The UK Court of Appeal recently handed down its decision in Tiuta International Ltd (in liquidation) v De Villiers Surveyors Ltd, where the question before the Court was whether a lender could recover all its loss from a negligent valuer in connection with a refinance loan or if the lender was limited to the amount lost in topping up the original loan.

In February 2011, the appellant lender in Tiuta International Ltd (in liquidation) v De Villiers Surveyors Ltd instructed the respondent surveyor to value a property and relying on that valuation, lent £2,560,168.45 to a third-party property developer. The property developer subsequently asked the lender to top-up the facility and the lender did so, relying on a second valuation provided by the surveyor in December 2011. When the term of the facility expired, a balance of £2,840,000 was outstanding. The loan was not repaid and the lender appointed receivers to enforce its security. The property was sold for an amount that was 30 – 40% lower than the surveyor’s valuation, and so the lender brought proceedings in the UK High Court to recover its loss.

The surveyor argued that as the lender provided the additional funds to the property developer by refinancing the original facility, rather than by simply varying the original agreement, it had already sustained the majority of its alleged loss when it made the original loan and the alleged negligent December 2011 valuation had only caused the lender to make a much smaller top-up loan. The Court agreed and ruled that the lender’s loss should be limited to the amount lost in topping-up the original facility. Summary judgment was granted.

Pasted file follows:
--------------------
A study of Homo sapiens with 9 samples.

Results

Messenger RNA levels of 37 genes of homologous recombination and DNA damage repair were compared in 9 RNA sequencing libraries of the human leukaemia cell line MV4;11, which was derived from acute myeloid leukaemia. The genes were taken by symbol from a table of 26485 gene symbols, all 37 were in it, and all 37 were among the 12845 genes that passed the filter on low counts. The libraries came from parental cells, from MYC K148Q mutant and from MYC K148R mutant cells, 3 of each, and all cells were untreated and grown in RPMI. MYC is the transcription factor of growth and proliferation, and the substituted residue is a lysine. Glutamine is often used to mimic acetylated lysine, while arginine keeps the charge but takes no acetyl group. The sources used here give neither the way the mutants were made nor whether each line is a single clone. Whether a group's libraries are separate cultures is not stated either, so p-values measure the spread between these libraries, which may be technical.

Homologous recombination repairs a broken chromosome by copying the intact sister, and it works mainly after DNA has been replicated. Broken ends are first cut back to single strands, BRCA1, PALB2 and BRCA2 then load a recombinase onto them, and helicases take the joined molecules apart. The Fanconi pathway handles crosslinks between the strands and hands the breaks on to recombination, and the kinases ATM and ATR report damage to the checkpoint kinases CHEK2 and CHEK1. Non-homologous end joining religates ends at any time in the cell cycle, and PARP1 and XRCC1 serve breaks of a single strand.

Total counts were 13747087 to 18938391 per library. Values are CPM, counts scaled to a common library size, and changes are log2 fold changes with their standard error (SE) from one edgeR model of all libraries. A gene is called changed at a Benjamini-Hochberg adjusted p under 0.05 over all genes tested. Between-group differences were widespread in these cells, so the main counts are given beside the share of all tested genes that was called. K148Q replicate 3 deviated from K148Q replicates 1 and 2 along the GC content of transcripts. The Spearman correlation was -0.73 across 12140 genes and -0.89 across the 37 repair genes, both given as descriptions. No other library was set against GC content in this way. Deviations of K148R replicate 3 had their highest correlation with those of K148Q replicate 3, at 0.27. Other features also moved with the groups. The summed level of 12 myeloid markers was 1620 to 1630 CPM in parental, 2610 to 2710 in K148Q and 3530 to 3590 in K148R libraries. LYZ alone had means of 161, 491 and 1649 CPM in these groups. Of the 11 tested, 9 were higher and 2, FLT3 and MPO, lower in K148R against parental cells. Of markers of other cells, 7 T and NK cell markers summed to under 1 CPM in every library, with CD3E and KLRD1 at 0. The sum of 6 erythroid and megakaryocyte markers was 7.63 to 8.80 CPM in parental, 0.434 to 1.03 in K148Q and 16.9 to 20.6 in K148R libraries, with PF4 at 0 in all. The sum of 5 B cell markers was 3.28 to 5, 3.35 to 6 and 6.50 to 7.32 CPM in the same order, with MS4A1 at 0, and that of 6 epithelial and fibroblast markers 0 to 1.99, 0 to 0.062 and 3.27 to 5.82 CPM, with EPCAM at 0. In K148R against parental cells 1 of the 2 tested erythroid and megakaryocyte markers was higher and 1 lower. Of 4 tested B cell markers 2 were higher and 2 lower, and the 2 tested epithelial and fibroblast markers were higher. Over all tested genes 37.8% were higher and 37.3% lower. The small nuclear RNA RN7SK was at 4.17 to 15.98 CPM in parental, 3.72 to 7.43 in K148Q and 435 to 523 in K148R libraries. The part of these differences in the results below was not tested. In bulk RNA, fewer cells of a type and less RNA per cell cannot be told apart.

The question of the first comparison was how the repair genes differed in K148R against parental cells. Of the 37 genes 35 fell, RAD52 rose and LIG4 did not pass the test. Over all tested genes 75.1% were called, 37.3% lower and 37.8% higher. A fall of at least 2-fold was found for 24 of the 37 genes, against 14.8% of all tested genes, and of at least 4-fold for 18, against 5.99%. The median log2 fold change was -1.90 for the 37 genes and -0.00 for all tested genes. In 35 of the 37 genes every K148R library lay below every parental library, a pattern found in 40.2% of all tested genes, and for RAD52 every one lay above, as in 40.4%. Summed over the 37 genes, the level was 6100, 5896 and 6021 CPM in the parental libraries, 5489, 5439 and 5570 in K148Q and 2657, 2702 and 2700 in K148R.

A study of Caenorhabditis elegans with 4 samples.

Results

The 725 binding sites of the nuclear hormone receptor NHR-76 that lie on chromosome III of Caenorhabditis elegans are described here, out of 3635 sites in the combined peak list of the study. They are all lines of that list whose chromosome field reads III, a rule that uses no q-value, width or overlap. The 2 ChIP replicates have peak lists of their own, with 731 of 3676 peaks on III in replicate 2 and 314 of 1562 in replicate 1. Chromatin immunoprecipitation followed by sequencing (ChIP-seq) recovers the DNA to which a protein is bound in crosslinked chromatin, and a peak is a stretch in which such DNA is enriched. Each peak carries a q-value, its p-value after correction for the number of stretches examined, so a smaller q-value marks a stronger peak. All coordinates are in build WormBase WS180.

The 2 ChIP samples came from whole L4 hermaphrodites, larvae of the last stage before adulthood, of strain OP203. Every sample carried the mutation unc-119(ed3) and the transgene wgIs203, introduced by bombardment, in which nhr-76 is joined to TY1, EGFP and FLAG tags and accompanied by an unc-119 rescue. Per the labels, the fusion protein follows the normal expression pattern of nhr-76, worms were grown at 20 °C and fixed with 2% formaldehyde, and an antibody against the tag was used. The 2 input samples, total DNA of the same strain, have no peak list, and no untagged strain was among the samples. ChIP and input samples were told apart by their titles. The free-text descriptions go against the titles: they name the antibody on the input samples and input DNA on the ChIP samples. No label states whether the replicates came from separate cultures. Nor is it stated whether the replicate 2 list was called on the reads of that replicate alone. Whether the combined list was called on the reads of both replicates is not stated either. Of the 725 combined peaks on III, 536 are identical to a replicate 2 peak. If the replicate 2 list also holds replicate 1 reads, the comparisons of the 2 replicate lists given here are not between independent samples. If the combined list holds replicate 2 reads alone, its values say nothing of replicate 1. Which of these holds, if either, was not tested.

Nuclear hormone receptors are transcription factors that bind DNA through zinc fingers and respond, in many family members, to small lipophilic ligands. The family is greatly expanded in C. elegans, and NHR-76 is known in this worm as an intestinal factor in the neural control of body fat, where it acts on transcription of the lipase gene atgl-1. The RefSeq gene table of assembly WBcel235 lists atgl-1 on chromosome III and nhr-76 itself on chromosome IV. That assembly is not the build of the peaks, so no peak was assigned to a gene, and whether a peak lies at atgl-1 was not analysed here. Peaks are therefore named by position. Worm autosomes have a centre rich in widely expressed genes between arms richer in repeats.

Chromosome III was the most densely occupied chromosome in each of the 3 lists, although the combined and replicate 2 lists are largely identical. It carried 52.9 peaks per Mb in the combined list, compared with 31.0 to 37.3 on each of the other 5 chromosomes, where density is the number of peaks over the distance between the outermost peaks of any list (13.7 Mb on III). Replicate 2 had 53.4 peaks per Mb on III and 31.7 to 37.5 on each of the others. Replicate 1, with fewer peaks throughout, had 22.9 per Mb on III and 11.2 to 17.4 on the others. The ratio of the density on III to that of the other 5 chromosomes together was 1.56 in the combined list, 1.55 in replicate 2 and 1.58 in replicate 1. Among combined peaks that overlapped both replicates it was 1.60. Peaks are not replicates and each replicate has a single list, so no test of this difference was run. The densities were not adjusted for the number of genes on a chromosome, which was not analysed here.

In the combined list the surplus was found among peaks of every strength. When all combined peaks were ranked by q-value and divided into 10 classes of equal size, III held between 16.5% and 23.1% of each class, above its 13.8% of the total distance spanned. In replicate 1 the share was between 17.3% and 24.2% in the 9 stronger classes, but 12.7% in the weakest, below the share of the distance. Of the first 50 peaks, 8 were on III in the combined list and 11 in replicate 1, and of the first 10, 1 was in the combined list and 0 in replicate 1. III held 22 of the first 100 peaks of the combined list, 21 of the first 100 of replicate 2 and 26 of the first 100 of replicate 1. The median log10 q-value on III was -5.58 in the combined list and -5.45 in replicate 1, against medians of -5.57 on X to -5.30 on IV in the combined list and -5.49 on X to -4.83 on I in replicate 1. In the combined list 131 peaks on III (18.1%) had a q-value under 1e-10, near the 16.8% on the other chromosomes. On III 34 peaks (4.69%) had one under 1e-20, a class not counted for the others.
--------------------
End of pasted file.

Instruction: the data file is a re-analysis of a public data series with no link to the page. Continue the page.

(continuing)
On 1 July 2016, in a majority of two to one, the UK Court of Appeal allowed the lender’s appeal against the summary judgment, holding that the surveyor should be held liable to the lender for the whole of the loss flowing from the second negligent valuation.

The Court noted that:

it is inherently unfair that, where both parties are commercial organisations, a negligent valuer could use an attack on the legitimate working practices and systems of the appellant as a means of escaping part of the consequences of his or her negligence”.

The Court further noted that:

“the respondent valued the property in the expectation that the appellant would advance funds up to its reported value in reliance on the valuation”.

As it was not a matter that could be determined on a summary application, the case proceeded on the assumption that the second valuation was negligent. The respondent may yet avoid liability if it is found at trial that the second valuation was not negligent.

Conclusion

It should be noted that this is a UK decision and as such, is of persuasive authority in Ireland only. However, we don’t see any reason why a similar action could not be brought in Ireland as the ruling by the Court of Appeal was decided on common law principles and was not statute-based. It is a welcome decision for lenders as it is now arguable that a lender may recover its full loss in the event that a valuation given for the purpose of a refinancing was negligent.